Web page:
GLENN ELLIS | 5/8/2018, 11:49 p.m.
Heart Failure is a scary term
How the heart works graphic Stock photo

• Stage B: This diagnosis is also early in the progression of heart failure. It means you already have some changes to the heart that could lead to heart failure. Your heart health also might be compromised because of blood pressure, but you don’t have classic symptoms of heart failure, yet. These people typically may have had a prior heart attack or they have some heart valve disease. Treatments could include those from stage A, as well as possible surgery or intervention as treatment for coronary artery blockage, heart attack, or valve disease.

• Stage C: Individuals at this stage have been diagnosed with heart failure, and currently have or have previously had signs and symptoms of the condition, including shortness of breath, inability to exercise, swelling of their legs, or waking up short of breath after lying down.

Cardiac rehabilitation can help people with stage C heart failure recover everyday functions and help them live longer lives and reduce symptoms.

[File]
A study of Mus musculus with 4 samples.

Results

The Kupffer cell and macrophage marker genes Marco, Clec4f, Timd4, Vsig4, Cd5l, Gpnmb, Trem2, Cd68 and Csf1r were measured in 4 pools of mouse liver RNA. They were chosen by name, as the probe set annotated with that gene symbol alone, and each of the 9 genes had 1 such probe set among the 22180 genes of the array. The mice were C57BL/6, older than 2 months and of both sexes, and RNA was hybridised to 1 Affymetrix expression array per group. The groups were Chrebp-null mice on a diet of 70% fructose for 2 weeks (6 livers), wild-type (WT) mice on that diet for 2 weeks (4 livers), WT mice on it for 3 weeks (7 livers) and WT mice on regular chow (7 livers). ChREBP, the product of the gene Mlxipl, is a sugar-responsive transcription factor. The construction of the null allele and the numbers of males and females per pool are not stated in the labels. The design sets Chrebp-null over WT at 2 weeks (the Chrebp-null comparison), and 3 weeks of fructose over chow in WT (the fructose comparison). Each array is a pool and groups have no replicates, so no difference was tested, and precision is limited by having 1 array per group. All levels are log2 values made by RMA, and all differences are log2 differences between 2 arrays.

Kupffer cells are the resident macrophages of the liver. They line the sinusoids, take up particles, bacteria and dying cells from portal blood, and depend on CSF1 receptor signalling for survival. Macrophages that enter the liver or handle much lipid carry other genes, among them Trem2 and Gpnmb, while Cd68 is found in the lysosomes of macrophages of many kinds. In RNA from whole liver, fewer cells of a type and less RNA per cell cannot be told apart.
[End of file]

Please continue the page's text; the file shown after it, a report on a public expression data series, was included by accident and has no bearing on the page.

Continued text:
• Stage D: This is an advanced stage of heart failure and these patients are the sickest. People with this stage of heart failure should see a specialist to help determine the best course of treatment and which options are still on the table. It’s critical that they see a specialist within a few days of someone telling them they have stage D heart failure.

Regardless of the “stage” of heart failure, it is a chronic, long-term heart health condition that can get worse over time. But the sooner you begin making lifestyle changes to treat the condition, the better outcomes you can expect.

Remember, I’m not a doctor. I just sound like one.

Take good care of yourself and live the best life possible!

Disclaimer:

The information included in this column is for educational purposes only. It is not intended nor implied to be a substitute for professional medical advice. The reader should always consult his or her healthcare provider to determine the appropriateness of the information for their own situation or if they have any questions regarding a medical condition or treatment plan. Glenn Ellis is a Health Advocacy Communications Specialist and is available through http://www.glennellis.com.